Richard Mouw continues his long term, thankless work of trying to help evangelicals think about Mormons.
Relating to Mormons is not a simple thing.
- Christians are not very clear or well informed on Mormon belief.
- Mormons are culturally and religiously sometimes indistinguishable from conservative Christians to outsiders.
- Mormon accomplishments (mobilization, centralization, morality, visibility) are sometimes envied by evangelicals who are divided by denominations, etc.
I have a couple of Mormons that relate regularly to me and to my church. They know that we are not “their church” but I am in some ways more “their pastor” than they have in the Mormon church. In these two cases there are reasons why they have been excluded from the Mormon community.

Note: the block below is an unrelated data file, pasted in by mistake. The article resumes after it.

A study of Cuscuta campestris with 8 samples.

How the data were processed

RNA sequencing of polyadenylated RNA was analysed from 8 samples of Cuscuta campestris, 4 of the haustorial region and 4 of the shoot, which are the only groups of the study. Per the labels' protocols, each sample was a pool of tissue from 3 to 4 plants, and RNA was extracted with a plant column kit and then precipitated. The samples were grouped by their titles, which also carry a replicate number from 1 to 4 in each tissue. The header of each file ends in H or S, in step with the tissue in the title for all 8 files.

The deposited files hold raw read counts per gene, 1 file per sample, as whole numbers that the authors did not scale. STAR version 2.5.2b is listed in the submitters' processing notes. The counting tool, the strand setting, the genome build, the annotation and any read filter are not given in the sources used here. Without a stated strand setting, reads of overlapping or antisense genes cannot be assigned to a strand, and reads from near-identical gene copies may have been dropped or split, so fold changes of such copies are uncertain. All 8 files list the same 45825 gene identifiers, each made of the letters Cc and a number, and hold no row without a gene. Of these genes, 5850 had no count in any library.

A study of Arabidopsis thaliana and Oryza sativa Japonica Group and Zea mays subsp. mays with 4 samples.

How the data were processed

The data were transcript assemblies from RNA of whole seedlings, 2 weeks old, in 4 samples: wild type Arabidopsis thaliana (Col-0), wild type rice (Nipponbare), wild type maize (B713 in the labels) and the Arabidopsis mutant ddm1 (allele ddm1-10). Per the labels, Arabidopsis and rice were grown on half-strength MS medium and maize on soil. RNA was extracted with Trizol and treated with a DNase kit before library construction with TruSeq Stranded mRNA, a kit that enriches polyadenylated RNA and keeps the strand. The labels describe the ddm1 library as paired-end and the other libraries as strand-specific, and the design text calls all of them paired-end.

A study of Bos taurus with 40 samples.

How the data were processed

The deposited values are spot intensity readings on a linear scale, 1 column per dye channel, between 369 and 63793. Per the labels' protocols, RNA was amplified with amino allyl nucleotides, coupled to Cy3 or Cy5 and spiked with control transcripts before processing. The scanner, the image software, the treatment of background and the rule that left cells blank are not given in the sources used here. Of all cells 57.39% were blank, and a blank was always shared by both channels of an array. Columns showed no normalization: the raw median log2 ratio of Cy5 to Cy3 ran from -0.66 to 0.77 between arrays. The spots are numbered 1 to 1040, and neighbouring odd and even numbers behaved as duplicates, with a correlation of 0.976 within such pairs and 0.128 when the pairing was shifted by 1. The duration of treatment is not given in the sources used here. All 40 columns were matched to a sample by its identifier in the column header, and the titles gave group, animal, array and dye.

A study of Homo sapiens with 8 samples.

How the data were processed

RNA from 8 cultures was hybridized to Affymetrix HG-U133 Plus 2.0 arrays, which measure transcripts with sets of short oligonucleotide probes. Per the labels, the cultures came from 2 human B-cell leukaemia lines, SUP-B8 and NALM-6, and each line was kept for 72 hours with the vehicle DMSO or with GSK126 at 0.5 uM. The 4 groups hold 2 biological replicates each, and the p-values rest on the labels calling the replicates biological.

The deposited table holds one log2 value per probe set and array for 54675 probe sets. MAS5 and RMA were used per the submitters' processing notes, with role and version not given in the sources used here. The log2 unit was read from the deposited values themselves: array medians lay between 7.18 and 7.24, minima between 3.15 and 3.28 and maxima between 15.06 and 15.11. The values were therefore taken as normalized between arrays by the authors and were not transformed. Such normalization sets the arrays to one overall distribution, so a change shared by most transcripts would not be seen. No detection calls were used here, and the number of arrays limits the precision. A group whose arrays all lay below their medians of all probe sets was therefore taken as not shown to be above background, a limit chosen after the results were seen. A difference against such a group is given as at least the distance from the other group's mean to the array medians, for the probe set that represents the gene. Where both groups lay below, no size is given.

As I continue to study the book of Acts, and the Gospel of John one of the things Christians learned to do was relate productively to Samaritans even in the midst of the conflict Samaritans had with the Jews.
Jesus in John 4 both showed a capacity to be clear about his perspective while also being willing to associate and enfold this sinful Samaritan woman in effect turning an entire community into a proto-church.
Mouw’s admonitions at the bottom of the interview are wise.
I have two rules for interfaith dialogue: First, don’t tell people what they believe; ask them and listen carefully to what they say. Second, don’t pit the best things in your perspective against the worst things in their perspective. For me, that has meant acknowledging to Mormons some of our evangelical defects, as well as admitting to some good things in Mormonism. We need to account for the many wonderful people in other religious traditions. Instead of just criticizing religious movements and their founders, we need to understand their teachings and the communities built around them.